Reading as the Gateway(s) to Learning

David Farbman, Senior Director of Education, Gateways: Access to Jewish Education

The challenges of reading in English and Hebrew

I have loved reading ever since I was a small child. Teacher and student readingWhether I’m seeking entertainment, information, or to be challenged, I look forward to reading like almost nothing else. Give me a good book and the time to sit and absorb it, and I am in my happy place.

I suspect that many of you reading this share my passion. But we all know that for many students, reading is distinctly not pleasurable. Indeed, it can be almost intolerably painful because they suffer some form of language-based learning disability (LBLD). The process of transforming symbols on a page into letters and words—the mechanics of reading—or the act of turning words into something with meaning is a perpetual struggle. With that struggle comes frustration and feelings of inadequacy that extend far beyond the classroom. Reading is essential for absorbing and processing information, and those who cannot read fluently are severely hampered from succeeding both in and outside of school.

Imagine the difficulty of a Jewish student who is finding it difficult to read in English and is then expected to learn to also read Hebrew. The barriers to further success are that much higher. In fact, anecdotal evidence indicates that the addition of a second language to the educational program can be a breaking point for many day school students.  Witnessing their child’s struggles, parents justifiably conclude that it is simply impossible for their child to meet the learning expectations of a dual-language curriculum. Rather than watch their child continue to flail, they simply pull him or her from the school.  Another Jewish student is then shut out from the education they are seeking.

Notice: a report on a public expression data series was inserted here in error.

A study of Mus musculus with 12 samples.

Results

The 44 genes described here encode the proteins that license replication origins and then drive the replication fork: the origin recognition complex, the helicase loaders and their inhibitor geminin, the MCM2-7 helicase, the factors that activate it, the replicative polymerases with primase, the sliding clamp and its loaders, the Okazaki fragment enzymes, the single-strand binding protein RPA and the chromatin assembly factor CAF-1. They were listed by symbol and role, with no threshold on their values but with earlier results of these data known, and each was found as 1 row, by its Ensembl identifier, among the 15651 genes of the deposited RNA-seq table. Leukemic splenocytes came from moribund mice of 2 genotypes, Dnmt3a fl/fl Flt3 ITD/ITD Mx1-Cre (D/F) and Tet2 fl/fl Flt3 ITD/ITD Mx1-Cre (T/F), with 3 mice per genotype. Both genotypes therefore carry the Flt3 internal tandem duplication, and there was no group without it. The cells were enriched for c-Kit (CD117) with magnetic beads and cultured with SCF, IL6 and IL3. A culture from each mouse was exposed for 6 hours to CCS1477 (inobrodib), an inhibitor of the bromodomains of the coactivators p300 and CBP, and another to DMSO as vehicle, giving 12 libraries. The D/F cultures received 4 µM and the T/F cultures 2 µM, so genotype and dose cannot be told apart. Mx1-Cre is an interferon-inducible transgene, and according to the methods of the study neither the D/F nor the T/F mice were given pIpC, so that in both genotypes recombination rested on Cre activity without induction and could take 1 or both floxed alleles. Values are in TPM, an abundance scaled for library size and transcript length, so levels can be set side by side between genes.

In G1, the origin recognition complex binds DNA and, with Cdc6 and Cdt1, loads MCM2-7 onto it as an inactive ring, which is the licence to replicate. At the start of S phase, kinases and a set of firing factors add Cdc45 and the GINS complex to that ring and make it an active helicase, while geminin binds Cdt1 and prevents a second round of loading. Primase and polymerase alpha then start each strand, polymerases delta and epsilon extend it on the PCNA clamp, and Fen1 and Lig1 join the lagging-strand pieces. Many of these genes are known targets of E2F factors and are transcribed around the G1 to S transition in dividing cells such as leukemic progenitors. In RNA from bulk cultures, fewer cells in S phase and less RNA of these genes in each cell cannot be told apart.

The good news is that there are solutions to this challenge. Language-based learning disabilities may slow the acquisition of language and reading skills; but, in most cases, with the right interventions and the support of professionals, children with LBLDs can catch up to their peers. Indeed, here at Gateways we have worked with hundreds of students over the years who have faced and then overcome the challenge of learning both English and Hebrew. Our reading specialists have used reading programs like Orton Gillingham or Wilson for English and Gateways’ own similar multi-sensory curriculum in Hebrew, and have turned reading struggles into reading triumphs.

Gateways has partnered with day schools and congregational schools to help them put in place the curricula and the infrastructure to support struggling readers. We have trained dozens of educators to implement our Hebrew reading program so that they can help students realize the dream of reading a second language. to students. As for broader strategies, our focus has been on early intervention, for so often the key to conquering LBLDs is to work intensively with students in the primary grades. The sooner children can develop reading fluency—a process that intensive interventions can promote—the sooner they will be able to make the switch from “learning to read” to “reading to learn,” and from there they are more likely to meet with success. In order to assist schools in identifying reading struggles early, we at Gateways have promoted the implementation of the Response to Intervention methodology in Jewish day schools. This process involves carefully tracking every student’s reading progress and, then, if and when deficits are noted, intervening immediately.

Throughout all our work with children, with individual educators and with whole schools, our goal is constant: ensuring that every student, no matter his or her learning challenge, can thrive in a robust Jewish educational setting. Because we’ve seen so many students who were once struggling readers come to succeed, we know that the next success story is right around the corner.  And we can’t wait to be there to help that story unfold.